If there was ever a movie that didn’t need to be advertised, it’s this one. In the ludicrous fear we’re not going to see Star Wars Ep.7, we’ve been subjected to a blitz of advertising to mobilize us into cinemas.
I’m one of the children of the original Star Wars, those aged between 7-12 who went to see it in a movie theater, cinema, or in my case, the South African bioscope. That’s apartheid, not very well boycotted South Africa. We had the toys.
My brother went. I had to wait. No 1977 viewing for me.
In June 1978 my parents took me, and on the way home lasers shot from every streetlight in the sky. Naturally from the rear window I shot back in my Tom and Jerry sweater.
What do I remember?
Honestly? Not very much that hasn’t been distorted from repeat viewings since December 1982, when it first aired on British television. The Christmas TV schedule in Britain was a wonderland of movies, even if recent Hollywood blockbusters of the time didn’t air.
We had to make do with Battle of the Bulge every Christmas Eve, but there were also captivating gems like Powell and Pressburger’s A Matter of Life and Death, which aired in 1979 and seemingly never again — I scoured the Xmas schedules for the next decade.
Star Wars on a big 24” CRT in 1982 was as magical as ever, even with commercials.
Still, there are fragments that remain from 78. The opening text scroll allied with feeling pleased (and excited) I could keep up, followed by the first laser gunfight and Darth Vader’s entrance. Oh, that breathing. There were the holographs, the battle upon escaping the Death Star and… and…
… and now I have to search my feelings.
There were two standout moments.
The death of Obi-Wan still haunts, the hollowness of loss, the confusion forever imprinted, but Obi-Wan also delivered the single, most important line a child could ever hear about The Force: All living beings are bound together. It resonates today as humanity lurches from one crisis to another.
Hailing from a moderately irreligious Jewish family (we didn’t keep Kosher but didn’t eat pig) it struck my nine-year old self as truth. It may be the most important spiritual teaching I’ve ever received. Seriously, what better way to be guided in life than knowing we’re all connected? It dovetailed nicely with an art class in school when we were asked to draw/paint God. I have no recollection of what I did. Put me through hypnotherapy and I’ll come up a blank. The class remains in memory, because while I’m certain we all created some kind of Human figure, one girl painted a sky (with clouds). The teacher recognized the perception of this child and so did I.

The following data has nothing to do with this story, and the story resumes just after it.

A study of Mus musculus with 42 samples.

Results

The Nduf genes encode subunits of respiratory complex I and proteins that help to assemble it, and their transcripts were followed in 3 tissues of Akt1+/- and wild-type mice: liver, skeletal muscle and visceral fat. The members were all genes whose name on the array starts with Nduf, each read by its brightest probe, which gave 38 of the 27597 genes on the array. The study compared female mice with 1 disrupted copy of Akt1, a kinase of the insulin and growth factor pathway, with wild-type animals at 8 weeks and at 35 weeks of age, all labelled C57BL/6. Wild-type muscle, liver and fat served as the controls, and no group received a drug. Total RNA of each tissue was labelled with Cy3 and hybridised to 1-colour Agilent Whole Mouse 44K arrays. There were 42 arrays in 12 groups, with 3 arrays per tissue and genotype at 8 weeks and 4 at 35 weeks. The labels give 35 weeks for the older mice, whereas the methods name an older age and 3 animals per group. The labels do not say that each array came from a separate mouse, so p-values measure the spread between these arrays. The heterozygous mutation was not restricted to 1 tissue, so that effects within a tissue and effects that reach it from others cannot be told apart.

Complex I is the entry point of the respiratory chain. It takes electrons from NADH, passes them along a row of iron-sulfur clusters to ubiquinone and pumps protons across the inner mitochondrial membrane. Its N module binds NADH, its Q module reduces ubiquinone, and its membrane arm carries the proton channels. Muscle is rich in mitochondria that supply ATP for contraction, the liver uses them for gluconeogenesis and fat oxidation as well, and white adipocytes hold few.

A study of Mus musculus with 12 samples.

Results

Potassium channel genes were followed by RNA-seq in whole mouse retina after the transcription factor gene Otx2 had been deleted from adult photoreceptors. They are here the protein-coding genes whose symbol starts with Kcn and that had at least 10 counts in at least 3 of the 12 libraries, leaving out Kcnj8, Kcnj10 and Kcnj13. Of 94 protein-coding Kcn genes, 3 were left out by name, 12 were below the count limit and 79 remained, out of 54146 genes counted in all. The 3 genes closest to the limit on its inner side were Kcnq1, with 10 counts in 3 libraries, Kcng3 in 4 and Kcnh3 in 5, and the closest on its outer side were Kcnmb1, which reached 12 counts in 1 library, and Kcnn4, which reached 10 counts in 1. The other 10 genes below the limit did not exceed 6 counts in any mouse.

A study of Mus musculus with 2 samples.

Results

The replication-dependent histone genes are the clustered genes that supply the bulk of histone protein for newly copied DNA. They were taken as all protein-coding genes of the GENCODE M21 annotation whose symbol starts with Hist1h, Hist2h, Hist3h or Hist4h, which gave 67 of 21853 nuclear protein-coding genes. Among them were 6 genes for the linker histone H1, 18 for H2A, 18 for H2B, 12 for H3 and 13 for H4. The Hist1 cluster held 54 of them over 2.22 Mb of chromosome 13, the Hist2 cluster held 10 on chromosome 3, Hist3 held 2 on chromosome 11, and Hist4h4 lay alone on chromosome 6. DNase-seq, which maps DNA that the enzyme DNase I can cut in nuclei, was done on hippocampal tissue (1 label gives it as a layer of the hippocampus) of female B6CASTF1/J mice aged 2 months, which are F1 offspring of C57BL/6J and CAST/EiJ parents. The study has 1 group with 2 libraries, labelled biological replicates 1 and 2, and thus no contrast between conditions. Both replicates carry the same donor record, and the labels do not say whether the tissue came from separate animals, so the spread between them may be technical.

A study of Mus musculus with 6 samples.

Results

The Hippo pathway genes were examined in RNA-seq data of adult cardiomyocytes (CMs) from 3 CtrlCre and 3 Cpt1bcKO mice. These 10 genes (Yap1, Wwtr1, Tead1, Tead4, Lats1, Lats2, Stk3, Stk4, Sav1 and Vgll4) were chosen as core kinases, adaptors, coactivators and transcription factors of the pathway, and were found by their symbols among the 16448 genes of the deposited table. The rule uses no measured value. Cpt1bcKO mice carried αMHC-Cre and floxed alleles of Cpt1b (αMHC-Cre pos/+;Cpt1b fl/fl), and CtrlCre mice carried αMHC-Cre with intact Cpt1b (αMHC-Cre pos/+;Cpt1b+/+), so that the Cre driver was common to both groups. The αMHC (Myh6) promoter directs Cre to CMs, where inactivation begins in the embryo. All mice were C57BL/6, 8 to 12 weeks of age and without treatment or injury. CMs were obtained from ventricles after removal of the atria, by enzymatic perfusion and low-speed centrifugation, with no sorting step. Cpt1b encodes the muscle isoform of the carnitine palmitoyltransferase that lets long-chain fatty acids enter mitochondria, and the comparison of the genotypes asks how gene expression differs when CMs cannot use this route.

Oddly, Joseph Campbell in his dialogue with Bill Moyers said he didn’t understand the one God of Judaism (why there was only one God). Star Wars and an eight year’s old painting representing the oneness of existence was explanation enough for me. Even if as an adult I don’t believe in God (watching Season 9 of The Voice makes feel like I’m living in a Theocracy), the message of interconnectedness remains.
When the trailers for Star Wars Ep.7 play across various platforms, I wonder if there will be anything enlightening for a new generation. The trailers look good, slick, playing on fan sentiment, but will it have soul, will it have anything to say?
Or will it be, “these aren’t the films we’re looking for” as can be applied to episodes 1-3.
We should remain hopeful. This is a new era of Star Wars, an opportunity for redemption. We can be certain the story will work, as we can be certain of it milking every revenue source.
We had small action figures back in the day. They were roughly split between my brother and I along the lines of personality — and more importantly, he being the elder. He was Luke Skywalker, Darth Vader, and C3PO to my Obi-Wan, R2D2 and Han Solo. Who didn’t want to be Han Solo.
In truth we didn’t have Han Solo, and I’m uncertain about Luke and 3PO. Pretty sure we had a Storm Trooper though. I could ask my brother, but that would take the fun out of trolling through memory. They were well-used — the lightsabers of Vader and Kenobi the first to go, or be chewed by the dog.
My younger sister might have felt left out at age five, but she did have a growing Barbapapa collection and a Pink Panther in the pinkest room on planet earth.
There was a comic. We had one. It was irreconcilable to the film. Scenes with Luke and Biggs shooting it up on Tatooine (or just off planet) were eliminated from the film. I was confused and disappointed there wasn’t a literal adaptation of what I had read months earlier — the comic not lasting, pages falling apart into the oneness of a landfill.
It’s weird but I’m Star Warz’d out. I’m pleased we played and destroyed our toys and didn’t keep them in a fucking box. It’s occupied a good chunk of 37 years in our cultural landscape, and mine. I have them on Blu-ray. They’re stunning. Amazingly George Lucas didn’t change the ending.
I want to be excited. I want more from film than a distracting bag of popcorn, my own work included. I want this from Star Wars ep. 7. And I’m prepared to wait as I did as an 8-9 year old. I don’t need commercials to build anticipation, I can do this on my own.
Trust me Disney, I will watch, but on Friday my preference will be Trumbo.